Taking a second look...
Last week Rochelle and Jock received the birth certificate for their son Tane. When Rochelle showed the certificate to her kuia the old lady held it in her hand and smiled.
Nearly thirty years earlier Rochelle's kuia had approached the office of Births Deaths and Marriages to receive the birth certificate of her brother who had died overseas. It had been a daunting experience for her and she had cried there. At that time there had been a number of occasions when registry staff were puzzled when visiting Māori would respond emotionally to the Register, behaving as if those whose names and details were listed were actually present. At that time some Māori had reported that they were uncomfortable with staff who believed that the history contained in the Register was nothing more than neutral information or data.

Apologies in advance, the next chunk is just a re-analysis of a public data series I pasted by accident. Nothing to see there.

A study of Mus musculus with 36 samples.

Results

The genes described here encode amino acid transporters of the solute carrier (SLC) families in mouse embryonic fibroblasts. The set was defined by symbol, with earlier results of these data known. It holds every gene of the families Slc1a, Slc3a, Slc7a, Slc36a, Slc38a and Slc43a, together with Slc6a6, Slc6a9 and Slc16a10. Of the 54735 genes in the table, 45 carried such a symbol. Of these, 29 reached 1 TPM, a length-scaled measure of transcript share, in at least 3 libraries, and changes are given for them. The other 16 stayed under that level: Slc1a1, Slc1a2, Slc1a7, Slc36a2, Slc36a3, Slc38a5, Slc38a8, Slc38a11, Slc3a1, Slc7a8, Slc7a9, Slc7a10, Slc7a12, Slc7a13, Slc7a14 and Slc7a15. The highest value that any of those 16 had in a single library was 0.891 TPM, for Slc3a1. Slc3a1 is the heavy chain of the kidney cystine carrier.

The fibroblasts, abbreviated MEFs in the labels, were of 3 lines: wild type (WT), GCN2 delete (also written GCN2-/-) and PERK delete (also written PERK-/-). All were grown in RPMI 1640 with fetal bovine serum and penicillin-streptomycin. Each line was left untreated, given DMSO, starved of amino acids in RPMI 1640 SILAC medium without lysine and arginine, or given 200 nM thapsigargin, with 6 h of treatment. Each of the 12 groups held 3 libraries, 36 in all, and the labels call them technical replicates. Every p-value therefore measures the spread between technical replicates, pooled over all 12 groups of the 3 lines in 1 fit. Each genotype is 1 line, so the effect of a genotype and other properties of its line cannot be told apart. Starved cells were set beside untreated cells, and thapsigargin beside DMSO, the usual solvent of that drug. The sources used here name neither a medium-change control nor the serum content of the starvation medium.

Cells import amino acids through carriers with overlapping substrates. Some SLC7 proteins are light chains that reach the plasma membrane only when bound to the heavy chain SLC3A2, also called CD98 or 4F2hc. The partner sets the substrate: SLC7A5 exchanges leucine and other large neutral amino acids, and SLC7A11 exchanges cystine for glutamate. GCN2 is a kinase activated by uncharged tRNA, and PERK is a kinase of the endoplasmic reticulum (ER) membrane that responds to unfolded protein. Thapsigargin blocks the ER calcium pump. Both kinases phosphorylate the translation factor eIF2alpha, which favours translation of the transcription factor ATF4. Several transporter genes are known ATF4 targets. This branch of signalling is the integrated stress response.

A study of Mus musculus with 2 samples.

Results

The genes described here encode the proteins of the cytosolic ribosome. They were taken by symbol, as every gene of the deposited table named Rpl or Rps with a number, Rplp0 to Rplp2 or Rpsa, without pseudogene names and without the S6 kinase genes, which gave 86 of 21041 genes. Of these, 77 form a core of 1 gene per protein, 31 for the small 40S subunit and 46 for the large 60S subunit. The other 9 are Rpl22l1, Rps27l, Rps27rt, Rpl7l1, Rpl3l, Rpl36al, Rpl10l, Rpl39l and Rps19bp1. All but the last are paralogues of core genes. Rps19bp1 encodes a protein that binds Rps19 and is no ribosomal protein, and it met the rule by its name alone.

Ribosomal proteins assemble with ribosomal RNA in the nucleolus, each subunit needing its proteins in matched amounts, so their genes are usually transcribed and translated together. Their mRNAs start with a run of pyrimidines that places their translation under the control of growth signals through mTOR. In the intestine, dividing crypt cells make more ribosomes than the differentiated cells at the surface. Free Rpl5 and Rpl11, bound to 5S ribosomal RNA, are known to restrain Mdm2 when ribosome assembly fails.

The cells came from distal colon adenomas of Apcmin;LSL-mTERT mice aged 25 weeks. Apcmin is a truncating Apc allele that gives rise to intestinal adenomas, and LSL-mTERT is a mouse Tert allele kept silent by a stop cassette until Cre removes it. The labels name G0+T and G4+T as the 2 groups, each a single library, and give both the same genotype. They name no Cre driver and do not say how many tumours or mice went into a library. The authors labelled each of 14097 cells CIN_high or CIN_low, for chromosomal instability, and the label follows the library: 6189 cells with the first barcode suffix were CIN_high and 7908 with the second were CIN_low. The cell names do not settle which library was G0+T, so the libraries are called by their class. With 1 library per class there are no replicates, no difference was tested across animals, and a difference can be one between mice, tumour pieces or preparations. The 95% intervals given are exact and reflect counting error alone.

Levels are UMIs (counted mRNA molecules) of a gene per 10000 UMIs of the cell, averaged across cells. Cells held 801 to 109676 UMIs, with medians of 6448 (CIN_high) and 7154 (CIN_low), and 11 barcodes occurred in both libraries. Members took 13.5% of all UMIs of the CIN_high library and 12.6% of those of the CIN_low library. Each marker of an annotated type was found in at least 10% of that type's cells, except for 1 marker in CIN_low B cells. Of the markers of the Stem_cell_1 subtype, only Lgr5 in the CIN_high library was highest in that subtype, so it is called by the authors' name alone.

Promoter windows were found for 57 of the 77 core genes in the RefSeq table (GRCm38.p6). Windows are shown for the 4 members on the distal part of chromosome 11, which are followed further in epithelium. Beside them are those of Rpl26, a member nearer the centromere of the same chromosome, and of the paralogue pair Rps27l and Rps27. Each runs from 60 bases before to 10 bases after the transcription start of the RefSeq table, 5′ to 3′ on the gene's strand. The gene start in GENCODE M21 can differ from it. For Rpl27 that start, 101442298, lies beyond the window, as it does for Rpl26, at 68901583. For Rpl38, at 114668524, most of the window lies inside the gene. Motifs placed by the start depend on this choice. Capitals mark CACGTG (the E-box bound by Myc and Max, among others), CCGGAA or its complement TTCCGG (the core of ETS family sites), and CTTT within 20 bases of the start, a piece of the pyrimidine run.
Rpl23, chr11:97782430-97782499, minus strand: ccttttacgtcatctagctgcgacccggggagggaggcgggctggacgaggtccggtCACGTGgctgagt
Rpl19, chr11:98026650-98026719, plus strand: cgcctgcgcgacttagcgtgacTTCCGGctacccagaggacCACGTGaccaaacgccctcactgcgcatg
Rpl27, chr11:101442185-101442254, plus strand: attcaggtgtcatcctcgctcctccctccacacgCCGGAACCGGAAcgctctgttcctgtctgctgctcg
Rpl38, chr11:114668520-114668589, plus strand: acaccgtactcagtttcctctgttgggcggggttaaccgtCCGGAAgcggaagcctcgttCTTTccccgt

An opportunity for change
When legislation covering Births, Deaths and Marriages was reviewed in 1995, there was an opportunity for change and Tony was invited to work with staff. It was at this time that the idea of the Register as a record of relationships between people was introduced. This approach relates to whakapapa which connects the living and the dead. Seen this way, the Register was able to be seen as much more than a repository of static information.
Changes were made to the way records were kept and made available to members of the public. The change in concept was then applied to the actual birth certificate form and the symbol of a manaia was washed into that form. The intention was that the manaia would signal that this birth form is recording not just the start of a life but the person's potential for growth. It would acknowledge a set of existing relationships between the person born and those who have proceeded them. It would also signal the start of new relationships with those who are living.
The application of the manaia introduced a spiritual dimension to a formerly information and data process and gave new meaning to the concept of treating people’s history with respect.